As I write we are still in the midst of lockdown. We await news of how December will unfold, especially regarding the lockdown itself and the potential impact upon our Christmas services. Please check the church website, which we will endeavour to keep up to date, with the latest information regarding what we are able to do. At this stage I am expecting some of our services to be via Zoom and pre-recorded; we may have to manage a ‘mixed economy’, so watch this space! There is a link on page five to a carol service from Chichester Cathedral for us to enjoy.
We now enter the season of Advent. It is a season of hope as we look forward to our celebration of Christmas, when we remember our Lord’s first coming among us, born of the Virgin Mary. Advent hope is different from what I would call ‘worldly hope’, which is so often expressed in the ‘hope that something might happen’. Christian hope is founded upon the certainty of Jesus himself, who by his birth, life, death and resurrection has heralded a new order. This is a new creation of which we are part; it is a dynamic process which has and indeed is happening, as we await His second coming as Lord and King. This is not just about the future and the end of time, is it also grounded in the here and now.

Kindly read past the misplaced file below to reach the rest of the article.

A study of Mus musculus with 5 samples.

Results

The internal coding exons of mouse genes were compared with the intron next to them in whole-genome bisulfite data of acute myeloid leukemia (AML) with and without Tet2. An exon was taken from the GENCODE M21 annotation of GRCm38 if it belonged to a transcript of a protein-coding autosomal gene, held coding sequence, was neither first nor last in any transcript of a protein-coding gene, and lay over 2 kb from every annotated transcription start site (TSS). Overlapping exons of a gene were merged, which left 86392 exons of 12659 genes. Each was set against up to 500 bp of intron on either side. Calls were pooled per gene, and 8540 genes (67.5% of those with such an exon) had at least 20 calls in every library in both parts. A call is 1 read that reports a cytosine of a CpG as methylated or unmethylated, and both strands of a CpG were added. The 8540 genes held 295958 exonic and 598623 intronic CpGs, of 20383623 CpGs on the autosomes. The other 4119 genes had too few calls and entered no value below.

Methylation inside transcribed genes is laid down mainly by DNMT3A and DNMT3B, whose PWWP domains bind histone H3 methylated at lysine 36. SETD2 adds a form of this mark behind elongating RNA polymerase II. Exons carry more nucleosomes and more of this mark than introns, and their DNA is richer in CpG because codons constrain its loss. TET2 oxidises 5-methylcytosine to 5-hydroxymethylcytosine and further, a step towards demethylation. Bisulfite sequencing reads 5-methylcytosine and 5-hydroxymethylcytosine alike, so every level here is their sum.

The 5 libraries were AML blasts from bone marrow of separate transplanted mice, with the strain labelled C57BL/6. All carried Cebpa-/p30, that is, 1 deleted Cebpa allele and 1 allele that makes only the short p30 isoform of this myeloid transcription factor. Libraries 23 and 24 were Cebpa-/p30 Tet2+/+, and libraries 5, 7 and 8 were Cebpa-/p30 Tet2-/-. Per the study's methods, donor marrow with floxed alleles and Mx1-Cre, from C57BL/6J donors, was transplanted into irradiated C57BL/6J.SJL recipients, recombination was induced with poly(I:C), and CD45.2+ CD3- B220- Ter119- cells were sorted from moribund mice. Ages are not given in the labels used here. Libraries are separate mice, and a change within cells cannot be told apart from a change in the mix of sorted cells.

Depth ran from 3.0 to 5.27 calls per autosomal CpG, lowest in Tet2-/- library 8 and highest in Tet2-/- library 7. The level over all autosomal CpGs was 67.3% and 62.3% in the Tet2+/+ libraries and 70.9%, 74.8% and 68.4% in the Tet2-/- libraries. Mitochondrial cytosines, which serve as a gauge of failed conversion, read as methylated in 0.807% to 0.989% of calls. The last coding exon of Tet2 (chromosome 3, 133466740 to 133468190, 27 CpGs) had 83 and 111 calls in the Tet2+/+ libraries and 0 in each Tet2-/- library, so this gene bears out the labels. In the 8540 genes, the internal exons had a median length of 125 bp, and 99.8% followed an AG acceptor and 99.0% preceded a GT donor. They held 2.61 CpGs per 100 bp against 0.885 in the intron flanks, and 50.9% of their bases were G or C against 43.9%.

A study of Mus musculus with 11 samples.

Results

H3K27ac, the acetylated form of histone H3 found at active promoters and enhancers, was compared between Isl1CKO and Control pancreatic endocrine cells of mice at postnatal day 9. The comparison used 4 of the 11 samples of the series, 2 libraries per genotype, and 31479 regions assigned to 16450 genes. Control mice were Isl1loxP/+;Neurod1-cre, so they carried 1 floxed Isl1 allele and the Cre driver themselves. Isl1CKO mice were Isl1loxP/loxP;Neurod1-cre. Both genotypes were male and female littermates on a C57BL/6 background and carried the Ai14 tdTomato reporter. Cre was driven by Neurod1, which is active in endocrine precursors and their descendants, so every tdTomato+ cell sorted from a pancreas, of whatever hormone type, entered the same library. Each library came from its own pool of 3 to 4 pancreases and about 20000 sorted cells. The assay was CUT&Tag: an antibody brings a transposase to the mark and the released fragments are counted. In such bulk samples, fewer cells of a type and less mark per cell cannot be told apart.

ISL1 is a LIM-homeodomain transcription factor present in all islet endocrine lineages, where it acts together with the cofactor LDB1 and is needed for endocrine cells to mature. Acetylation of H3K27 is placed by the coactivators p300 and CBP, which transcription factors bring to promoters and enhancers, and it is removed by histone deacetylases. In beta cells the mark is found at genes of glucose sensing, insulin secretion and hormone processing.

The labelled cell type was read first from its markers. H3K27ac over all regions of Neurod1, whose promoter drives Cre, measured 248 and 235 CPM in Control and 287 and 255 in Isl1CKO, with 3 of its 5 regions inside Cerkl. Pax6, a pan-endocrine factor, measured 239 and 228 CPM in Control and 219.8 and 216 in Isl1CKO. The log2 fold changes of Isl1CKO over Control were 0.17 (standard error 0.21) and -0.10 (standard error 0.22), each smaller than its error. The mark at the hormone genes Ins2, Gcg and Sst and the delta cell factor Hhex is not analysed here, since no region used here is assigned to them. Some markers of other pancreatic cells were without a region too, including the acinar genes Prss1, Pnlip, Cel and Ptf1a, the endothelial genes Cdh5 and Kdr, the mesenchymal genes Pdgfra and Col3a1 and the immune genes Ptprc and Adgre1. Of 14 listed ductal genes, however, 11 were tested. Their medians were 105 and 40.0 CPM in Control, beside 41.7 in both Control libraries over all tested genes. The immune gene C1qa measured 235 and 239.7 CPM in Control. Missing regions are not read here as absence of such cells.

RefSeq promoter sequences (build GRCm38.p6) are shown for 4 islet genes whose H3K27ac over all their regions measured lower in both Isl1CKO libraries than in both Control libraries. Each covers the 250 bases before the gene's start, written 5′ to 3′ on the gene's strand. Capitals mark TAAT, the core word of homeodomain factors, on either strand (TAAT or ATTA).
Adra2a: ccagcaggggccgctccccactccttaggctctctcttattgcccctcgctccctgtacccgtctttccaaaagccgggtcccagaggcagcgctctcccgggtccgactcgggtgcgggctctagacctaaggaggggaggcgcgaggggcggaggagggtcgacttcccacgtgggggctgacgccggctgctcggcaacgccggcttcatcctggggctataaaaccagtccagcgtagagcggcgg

I believe that Advent is also a season of expectation and anticipation. I can remember as a very young child the excitement of opening the windows on my advent calendar—I could not wait to open the window each morning… the thought of opening the final window with Mary, Joseph and the baby Jesus was particularly exciting, because I knew that Christmas would have arrived and that this would mean presents; notwithstanding that it was also biggest window and I hoped would reveal the biggest chocolate!
In the midst of all that troubles us and indeed the world, we can and must be optimistic. There is much in our world which is challenging at this present time, yet as Jean-Pierre de Caussade pointed out: “God instructs the heart, not by ideas but by pains and contradictions”. There are indeed many contradictions and pains in our world today, but we are not without hope. Let us allow ourselves to be lured by grace out of this present time into a new and bigger reality, to allow the pains of this present moment to be transformed by God.
Christmas is the stuff of tinsel, turkey and presents, but for Christians it is the message of the angels, the eagerness of the shepherds, the epiphany of the wise men that speak of the generosity of God.
So then, as we look forward to Christmas, we will join with Christians throughout the world to welcome Jesus, born of Mary, in whichever way we can. In so doing we celebrate and give thanks to God for the complete and total generosity, given to us in the infant Jesus, born of Mary—the best gift of all.
May your Advent be filled with hope, expectation and anticipation—your Christmas with generosity, joy and peace.